Cities are hotspots for threatened species


  • Editor: Karl Evans



Although urbanization impacts many species, there is little information on the patterns of occurrences of threatened species in urban relative to non-urban areas. By assessing the extent of the distribution of threatened species across all Australian cities, we aim to investigate the currently under-utilized opportunity that cities present for national biodiversity conservation.


Australian mainland, Tasmania and offshore islands.


Distributions of Australia's 1643 legally protected terrestrial species (hereafter ‘threatened species’) were compiled. We assessed the extent to which they overlapped with 99 cities (of more than 10,000 people), with all non-urban areas, and with simulated ‘dummy’ cities which covered the same area and bioregion as the true cities but were non-urban. We analysed differences between animals and plants, and examined variability within these groups using species accumulation modelling. Threatened species richness of true versus dummy cities was analysed using generalized linear mixed-effects models.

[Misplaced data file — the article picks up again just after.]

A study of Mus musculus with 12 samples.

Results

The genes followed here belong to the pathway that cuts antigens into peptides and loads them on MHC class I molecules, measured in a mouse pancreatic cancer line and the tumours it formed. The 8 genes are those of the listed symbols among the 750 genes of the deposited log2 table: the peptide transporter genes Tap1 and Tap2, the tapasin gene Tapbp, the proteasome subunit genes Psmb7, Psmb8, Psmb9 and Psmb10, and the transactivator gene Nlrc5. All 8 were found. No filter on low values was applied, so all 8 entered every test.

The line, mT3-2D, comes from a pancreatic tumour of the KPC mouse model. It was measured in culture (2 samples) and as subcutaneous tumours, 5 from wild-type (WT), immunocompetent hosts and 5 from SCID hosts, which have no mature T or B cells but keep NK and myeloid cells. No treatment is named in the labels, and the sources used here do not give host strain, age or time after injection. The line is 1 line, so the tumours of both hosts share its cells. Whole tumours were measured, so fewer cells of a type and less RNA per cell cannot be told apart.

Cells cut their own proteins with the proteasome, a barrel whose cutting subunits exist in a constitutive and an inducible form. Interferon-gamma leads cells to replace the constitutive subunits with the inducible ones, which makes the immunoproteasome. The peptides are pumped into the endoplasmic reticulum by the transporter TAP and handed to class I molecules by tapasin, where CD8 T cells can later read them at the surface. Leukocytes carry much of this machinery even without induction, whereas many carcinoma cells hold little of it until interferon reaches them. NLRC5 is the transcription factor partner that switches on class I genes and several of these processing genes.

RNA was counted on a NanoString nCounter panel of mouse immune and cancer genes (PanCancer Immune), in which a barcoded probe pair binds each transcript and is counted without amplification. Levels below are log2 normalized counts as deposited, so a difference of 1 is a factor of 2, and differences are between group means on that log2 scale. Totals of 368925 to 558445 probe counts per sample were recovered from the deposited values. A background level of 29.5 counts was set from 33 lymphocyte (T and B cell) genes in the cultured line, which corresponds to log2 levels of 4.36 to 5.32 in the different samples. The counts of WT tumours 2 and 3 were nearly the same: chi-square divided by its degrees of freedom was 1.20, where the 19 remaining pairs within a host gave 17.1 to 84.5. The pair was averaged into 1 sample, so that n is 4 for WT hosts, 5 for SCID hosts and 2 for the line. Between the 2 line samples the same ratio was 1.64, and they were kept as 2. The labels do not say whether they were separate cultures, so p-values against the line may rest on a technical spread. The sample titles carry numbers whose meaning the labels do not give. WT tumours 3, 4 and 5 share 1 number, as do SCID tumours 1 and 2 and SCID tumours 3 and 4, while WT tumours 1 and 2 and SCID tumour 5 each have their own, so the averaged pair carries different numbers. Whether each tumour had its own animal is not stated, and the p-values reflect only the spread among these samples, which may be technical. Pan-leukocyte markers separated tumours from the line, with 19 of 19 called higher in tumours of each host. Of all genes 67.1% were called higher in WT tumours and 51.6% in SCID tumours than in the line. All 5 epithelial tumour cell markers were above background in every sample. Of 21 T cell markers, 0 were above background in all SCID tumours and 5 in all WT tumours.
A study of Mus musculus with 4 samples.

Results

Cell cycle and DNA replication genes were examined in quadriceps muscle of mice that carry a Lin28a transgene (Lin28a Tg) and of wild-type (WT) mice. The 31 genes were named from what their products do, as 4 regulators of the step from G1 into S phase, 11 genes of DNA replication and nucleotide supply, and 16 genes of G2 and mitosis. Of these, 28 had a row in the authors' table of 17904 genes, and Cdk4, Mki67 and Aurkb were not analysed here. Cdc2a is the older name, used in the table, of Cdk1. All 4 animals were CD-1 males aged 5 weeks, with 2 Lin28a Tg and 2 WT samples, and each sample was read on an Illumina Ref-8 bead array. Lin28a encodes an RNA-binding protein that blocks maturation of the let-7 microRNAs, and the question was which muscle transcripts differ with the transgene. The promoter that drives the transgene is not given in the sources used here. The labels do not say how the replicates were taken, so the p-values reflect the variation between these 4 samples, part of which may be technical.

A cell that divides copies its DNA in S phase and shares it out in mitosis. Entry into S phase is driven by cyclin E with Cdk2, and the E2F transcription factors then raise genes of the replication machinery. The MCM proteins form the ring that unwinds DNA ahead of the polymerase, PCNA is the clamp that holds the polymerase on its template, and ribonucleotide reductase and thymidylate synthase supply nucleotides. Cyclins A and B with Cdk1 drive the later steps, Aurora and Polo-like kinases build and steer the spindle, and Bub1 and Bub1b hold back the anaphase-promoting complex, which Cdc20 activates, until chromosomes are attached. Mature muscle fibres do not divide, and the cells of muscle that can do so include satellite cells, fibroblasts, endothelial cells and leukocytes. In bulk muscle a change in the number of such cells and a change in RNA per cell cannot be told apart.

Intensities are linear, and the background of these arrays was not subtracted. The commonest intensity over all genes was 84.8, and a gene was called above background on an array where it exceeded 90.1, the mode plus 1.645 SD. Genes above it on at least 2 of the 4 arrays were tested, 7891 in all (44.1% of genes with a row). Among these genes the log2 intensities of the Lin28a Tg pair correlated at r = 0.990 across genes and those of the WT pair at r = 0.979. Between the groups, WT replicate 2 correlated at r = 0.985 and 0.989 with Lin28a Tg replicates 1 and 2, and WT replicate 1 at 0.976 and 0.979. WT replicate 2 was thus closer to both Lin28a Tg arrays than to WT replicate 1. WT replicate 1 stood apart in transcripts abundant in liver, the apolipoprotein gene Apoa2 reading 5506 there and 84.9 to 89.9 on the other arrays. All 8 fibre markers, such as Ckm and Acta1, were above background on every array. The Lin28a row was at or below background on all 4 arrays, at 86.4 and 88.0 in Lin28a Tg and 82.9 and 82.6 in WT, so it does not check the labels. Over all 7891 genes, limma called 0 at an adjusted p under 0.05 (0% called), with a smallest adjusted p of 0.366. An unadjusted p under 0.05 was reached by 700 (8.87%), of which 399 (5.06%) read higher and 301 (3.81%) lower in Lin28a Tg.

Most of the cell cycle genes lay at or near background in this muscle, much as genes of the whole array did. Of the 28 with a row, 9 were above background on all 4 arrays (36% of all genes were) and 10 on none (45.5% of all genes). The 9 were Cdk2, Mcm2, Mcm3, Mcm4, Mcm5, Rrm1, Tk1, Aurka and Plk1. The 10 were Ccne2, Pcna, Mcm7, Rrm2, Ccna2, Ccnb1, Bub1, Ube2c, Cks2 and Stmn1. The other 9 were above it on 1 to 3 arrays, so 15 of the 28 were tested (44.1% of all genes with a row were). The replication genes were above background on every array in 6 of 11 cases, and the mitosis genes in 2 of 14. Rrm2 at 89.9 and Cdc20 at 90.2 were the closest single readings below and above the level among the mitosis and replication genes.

Australian cities support substantially more nationally threatened animal and plant species than all other non-urban areas on a unit-area basis. Thirty per cent of threatened species were found to occur in cities. Distribution patterns differed between plants and animals: individual threatened plant species were generally found in fewer cities than threatened animal species, yet plants were more likely to have a greater proportion of their distribution in urban areas than animals. Individual cities tended to contain unique suites of threatened species, especially threatened plants. The analysis of true versus dummy cities demonstrated that, even after accounting for factors such as net primary productivity and distance to the coast, cities still consistently supported a greater number of threatened species.

Main conclusions

This research highlights that Australian cities are important for the conservation of threatened species, and that the species assemblages of individual cities are relatively distinct. National conservation policy should recognize that cities play an integral role when planning for and managing threatened species.